25 July 2011
ByAppeared in BioNews 617
Funding from private, non-profit, and public sectors will be needed for the UK to maintain its 'world leading' role in regenerative medicine, according to a recent Government strategy report.
The report commits officials to consult widely with industry and medical research charities to explore new funding options both within the UK and internationally. However, it highlights that the high cost of initial treatments 'are likely to be expensive and could challenge existing models of funding, reimbursement and commissioning'.
The report sets out ten actions the Government will take to support the sector going forward. David Willetts, Minister of State for Universities and Science, said: 'Regenerative medicine has great potential to deliver new therapies and benefit the UK economy. This report demonstrates that we retain a world leading position in this area and highlights the Government's commitment to tackling the field's strategic challenges through greater coordination and focussed support'.
Regenerative medicine is the process of creating living, functional tissues to repair or replace tissue or organ function lost due to damage, or congenital defects. A number of medical conditions, such as diabetes and heart disease, are the result of damaged tissues or organs that the body can't heal itself. By using regenerative medicine there is hope that people with these conditions can be treated.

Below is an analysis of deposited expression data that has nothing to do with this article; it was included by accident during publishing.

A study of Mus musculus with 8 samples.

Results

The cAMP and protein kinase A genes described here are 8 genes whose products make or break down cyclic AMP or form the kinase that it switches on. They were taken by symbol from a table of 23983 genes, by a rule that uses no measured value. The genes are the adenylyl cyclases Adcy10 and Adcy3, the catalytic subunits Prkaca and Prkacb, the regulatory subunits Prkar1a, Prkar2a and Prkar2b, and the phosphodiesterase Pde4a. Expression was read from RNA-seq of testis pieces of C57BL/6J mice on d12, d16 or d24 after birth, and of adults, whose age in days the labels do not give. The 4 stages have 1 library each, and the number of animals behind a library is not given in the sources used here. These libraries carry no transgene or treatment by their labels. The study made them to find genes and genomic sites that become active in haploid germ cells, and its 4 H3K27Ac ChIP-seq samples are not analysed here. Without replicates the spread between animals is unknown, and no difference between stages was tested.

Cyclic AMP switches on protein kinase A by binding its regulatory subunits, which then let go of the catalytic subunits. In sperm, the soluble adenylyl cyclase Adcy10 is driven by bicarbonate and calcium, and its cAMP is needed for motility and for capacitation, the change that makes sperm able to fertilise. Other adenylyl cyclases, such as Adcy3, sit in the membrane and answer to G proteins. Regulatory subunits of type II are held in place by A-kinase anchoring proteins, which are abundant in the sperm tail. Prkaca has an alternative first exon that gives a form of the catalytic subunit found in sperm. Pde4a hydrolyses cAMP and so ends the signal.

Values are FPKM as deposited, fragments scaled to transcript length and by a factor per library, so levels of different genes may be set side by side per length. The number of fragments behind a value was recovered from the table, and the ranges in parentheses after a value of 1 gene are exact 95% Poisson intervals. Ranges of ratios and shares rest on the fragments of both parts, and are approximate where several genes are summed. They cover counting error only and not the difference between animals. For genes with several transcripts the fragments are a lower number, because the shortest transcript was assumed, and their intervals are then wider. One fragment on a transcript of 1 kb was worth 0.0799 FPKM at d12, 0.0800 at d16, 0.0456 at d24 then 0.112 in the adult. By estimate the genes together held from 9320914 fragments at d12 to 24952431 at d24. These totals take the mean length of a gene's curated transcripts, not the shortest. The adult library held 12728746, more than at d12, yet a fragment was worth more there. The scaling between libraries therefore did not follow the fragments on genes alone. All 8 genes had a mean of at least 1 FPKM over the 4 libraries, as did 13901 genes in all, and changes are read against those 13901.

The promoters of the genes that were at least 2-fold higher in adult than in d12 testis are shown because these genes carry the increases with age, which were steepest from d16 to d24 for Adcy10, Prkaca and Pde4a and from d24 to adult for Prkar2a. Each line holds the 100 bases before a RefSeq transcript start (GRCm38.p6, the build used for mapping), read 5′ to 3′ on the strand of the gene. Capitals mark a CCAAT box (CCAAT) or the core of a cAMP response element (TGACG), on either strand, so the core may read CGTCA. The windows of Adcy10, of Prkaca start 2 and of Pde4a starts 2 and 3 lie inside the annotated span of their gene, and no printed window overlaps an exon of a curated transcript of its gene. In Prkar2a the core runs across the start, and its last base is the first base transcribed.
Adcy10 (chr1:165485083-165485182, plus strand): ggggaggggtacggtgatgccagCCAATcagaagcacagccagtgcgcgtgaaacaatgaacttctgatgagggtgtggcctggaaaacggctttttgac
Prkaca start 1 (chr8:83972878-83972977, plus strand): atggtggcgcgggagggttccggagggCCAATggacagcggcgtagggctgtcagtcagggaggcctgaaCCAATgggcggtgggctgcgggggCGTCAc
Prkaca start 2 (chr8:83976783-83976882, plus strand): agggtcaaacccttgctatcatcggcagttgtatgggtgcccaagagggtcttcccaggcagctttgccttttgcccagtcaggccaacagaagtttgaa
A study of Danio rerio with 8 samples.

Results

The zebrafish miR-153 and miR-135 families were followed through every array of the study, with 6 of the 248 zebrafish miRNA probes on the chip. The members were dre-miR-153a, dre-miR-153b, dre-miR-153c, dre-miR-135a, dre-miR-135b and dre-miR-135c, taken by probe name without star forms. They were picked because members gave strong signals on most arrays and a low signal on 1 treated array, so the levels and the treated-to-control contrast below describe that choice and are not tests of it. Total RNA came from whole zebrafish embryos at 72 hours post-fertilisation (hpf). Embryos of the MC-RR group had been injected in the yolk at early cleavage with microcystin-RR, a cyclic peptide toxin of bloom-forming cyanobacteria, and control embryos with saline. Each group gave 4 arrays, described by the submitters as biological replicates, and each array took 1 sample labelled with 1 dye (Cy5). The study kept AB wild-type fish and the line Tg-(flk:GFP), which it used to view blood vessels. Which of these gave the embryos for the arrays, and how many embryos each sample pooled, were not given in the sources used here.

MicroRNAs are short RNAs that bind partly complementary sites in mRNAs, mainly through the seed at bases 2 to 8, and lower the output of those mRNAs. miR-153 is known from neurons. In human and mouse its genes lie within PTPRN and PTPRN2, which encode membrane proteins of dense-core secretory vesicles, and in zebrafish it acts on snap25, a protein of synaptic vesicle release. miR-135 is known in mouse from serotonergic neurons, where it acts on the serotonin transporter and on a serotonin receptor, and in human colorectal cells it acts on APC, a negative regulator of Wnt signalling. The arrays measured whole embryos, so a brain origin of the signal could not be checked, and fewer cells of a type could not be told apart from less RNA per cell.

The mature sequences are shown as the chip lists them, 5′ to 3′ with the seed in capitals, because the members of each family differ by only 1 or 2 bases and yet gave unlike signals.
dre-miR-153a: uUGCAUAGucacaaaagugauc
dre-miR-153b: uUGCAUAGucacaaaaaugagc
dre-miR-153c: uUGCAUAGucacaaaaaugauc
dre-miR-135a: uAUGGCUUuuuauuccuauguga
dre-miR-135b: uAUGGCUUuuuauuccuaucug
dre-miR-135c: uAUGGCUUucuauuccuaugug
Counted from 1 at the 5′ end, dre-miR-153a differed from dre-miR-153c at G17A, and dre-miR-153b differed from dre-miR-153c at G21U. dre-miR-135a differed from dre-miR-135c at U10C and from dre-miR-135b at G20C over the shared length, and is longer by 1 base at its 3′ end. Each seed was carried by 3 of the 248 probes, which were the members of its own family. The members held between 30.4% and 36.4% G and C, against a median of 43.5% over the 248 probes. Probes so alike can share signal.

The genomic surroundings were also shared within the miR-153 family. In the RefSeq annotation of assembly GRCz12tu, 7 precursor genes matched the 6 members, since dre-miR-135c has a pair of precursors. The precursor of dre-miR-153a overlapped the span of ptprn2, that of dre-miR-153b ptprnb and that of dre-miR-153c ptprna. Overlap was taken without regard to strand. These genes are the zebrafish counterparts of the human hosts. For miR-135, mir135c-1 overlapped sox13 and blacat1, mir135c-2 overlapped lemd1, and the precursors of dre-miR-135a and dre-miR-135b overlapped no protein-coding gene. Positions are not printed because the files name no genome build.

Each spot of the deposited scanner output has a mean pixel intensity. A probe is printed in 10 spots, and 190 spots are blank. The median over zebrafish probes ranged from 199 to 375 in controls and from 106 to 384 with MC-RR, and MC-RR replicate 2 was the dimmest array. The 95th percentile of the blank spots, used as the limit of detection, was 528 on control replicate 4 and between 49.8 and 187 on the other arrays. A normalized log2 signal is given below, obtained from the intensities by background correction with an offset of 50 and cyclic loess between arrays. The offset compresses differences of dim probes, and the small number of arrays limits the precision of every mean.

The report assesses the state of regenerative medicine internationally and analyses the UK's strengths, weaknesses, and areas of opportunities. Despite greater funding in the field, notably in the USA, the report notes the UK's scientific breakthroughs to date and its record of strong international research cooperation. It says regenerative medicine in the UK has more unambiguous regulatory and legislative support than in the USA.
Mr Willets emphasised that the UK will seek to maintain the existing intellectual property regime that allows patenting of stem cells, in the face of a recent opinion from the European Advocate-General that risks undermining the current position across the European Union (see BioNews 601).
The authors state the report, 'provides the UK Government with a strong evidence base on the basis of which it can coordinate funding decisions, and lays the ground-work for an agreed strategy for regenerative medicine'. However, it also cautioned that the long time-scales involved in developing regenerative medicine made it difficult to attract venture capital funding, although there was some interest from the pharmaceutical industry.